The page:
The panel discussion (from left) Midja Fisher, Helen Driscoll, Tania Motton, Stephanie Parkin, Cassie Long and Emma Fitzgerald. Photos: Natalie Gauld

Only you can economically empower yourself. That was advice given by Westpac Commercial Banking General Manager Tania Motton at today’s Queensland Law Society (QLS) International Women’s Day Breakfast.

Tania was part of the panel discussion on the topic Count Her In: Accelerating Gender Equality Through Economic Empowerment along with Parallax Legal co-founders Stephanie Parkin and Cassie Lang, Rose Litigation Associate and QLS Future Leaders Committee Member Helen Driscoll, and Hemmant’s List Centre Barrister Emma Fitzgerald, chaired by Midja Fisher.

The panel discussed salary disparity, on the back of last week’s Workplace Gender Equality Agency data, and the value of asking for an increase rather than waiting for a review, and the choice to look at other opportunities.

“The reality is if you’re good at your job, and your watching brief is both experience and capability, and a great team culture, you will be valued in another firm,” Tania advised the Brisbane City Hall audience, when the panel discussed salary parity.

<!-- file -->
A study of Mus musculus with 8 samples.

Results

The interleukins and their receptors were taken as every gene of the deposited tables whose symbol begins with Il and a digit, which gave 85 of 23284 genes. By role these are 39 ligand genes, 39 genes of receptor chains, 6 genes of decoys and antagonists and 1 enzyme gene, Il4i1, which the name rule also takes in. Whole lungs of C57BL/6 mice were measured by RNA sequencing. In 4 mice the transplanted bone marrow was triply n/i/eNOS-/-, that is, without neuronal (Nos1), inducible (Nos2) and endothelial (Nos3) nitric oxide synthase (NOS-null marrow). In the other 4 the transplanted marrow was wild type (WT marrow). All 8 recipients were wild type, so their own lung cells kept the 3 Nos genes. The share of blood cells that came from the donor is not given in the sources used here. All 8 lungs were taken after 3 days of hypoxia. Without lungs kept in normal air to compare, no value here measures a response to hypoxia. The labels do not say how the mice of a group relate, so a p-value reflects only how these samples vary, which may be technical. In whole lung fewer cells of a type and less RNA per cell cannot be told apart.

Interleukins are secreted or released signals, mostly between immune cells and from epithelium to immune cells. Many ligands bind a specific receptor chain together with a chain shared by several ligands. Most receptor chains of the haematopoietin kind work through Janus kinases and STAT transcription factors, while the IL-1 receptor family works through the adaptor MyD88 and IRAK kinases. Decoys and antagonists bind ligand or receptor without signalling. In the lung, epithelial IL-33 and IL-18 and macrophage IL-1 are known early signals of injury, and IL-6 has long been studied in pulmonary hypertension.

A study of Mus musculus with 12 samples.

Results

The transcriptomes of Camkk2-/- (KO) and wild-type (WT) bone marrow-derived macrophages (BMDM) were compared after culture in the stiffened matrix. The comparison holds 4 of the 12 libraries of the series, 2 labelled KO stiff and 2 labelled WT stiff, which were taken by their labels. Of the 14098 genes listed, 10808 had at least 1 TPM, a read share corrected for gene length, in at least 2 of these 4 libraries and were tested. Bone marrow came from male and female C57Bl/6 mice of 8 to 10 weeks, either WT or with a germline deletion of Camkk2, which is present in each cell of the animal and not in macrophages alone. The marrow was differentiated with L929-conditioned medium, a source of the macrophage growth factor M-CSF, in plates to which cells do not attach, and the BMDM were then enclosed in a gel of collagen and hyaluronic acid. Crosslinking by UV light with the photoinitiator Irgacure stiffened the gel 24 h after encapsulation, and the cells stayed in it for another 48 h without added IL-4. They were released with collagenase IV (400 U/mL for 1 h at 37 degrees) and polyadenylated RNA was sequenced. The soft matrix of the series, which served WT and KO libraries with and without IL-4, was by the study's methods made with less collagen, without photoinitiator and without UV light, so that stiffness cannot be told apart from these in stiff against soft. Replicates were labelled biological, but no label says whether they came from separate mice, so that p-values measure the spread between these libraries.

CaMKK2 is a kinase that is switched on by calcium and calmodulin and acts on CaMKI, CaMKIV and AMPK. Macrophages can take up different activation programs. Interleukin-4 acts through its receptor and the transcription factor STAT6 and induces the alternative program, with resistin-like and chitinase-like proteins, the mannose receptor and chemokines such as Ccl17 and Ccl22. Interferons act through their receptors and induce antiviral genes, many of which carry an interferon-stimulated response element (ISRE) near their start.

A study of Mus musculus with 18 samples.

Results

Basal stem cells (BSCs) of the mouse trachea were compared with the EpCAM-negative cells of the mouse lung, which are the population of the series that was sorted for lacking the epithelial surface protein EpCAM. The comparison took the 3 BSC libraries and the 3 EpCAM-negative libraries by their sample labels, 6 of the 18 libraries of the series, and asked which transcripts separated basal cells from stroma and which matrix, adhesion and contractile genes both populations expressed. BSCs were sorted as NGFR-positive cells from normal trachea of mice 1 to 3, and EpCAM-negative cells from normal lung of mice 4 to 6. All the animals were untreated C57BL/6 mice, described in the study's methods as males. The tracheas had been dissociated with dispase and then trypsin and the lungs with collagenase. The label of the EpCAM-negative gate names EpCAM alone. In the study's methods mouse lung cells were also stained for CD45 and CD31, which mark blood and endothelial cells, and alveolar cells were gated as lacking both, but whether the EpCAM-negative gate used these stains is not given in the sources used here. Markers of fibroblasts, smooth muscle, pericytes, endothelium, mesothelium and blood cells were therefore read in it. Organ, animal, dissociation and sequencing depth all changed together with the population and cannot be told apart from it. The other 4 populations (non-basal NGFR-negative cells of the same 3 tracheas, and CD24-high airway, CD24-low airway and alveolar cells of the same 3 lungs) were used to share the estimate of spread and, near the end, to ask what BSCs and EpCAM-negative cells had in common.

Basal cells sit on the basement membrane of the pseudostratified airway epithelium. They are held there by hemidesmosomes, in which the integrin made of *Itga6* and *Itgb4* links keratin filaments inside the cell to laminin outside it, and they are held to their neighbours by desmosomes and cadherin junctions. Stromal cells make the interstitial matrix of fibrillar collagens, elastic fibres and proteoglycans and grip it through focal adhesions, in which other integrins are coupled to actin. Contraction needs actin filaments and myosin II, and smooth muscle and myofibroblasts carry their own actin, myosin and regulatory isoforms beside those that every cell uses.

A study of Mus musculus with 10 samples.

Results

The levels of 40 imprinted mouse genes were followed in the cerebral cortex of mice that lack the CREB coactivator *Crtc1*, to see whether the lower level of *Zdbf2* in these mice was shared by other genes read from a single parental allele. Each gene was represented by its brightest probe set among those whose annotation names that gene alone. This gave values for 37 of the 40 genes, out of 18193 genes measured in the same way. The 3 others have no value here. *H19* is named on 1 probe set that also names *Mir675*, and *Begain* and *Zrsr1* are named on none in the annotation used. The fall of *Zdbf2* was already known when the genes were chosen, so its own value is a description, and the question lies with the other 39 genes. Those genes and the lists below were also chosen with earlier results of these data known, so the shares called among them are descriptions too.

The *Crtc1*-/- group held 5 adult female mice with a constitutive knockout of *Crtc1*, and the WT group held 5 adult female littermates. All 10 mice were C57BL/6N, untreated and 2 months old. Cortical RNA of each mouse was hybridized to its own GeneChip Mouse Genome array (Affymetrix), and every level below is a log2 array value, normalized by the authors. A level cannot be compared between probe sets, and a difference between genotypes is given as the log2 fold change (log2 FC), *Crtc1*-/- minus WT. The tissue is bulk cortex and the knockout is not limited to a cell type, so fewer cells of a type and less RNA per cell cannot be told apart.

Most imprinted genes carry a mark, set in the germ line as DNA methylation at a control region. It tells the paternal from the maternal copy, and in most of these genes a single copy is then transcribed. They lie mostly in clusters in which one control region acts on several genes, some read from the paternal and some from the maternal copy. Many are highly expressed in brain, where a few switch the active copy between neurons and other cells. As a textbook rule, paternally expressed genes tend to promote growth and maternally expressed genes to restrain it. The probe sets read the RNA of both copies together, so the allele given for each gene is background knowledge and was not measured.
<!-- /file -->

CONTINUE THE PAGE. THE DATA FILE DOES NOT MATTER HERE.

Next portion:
“It’s okay; it doesn’t mean you’re not loyal. The only person that is going to economically empower you is yourself. It has got to start there.

“Being able to make that choice to go to another firm or another interview or workplace, it is the most liberating thing how valued you are for your experience in the place that you will go to, in comparison to the place you’ve potentially grown up with.


Helen spoke about the Queensland Legal Salary Survey, run by Queensland Young Lawyers, and the themes that had emerged over the past seven years.

She said qualitative data on reasons to leave or stay with a firm showed more female respondents identified they valued “flexible work arrangements and better work-life balance over salary”, and indicated they thought they should wait for their annual review rather than ask.

“Whereas more male respondents said they valued salary and career opportunities as their reasons to leave or stay,” Helen said.

“Male respondents comments indicate if they feel they have been outperforming their role and they will go on and ask.

“I think it is something that you learn as you get a little bit older and something that I’ve been learning is you need to step into your own power.



Rebecca Fogerty welcomed the attendees.

QLS President Rebecca Fogerty, who welcomed the 400-plus attendees, said women’s economic empowerment was not just about access to a job and money but the “greater power and self-determination that these can unlock”.

“The connection is by no means guaranteed,” Rebecca said.

More than $8000 was raised at the breakfast to support Dress for Success Brisbane, an organisation committed to overcoming the barriers to employment for women.

More IWD coverage in Proctor this week.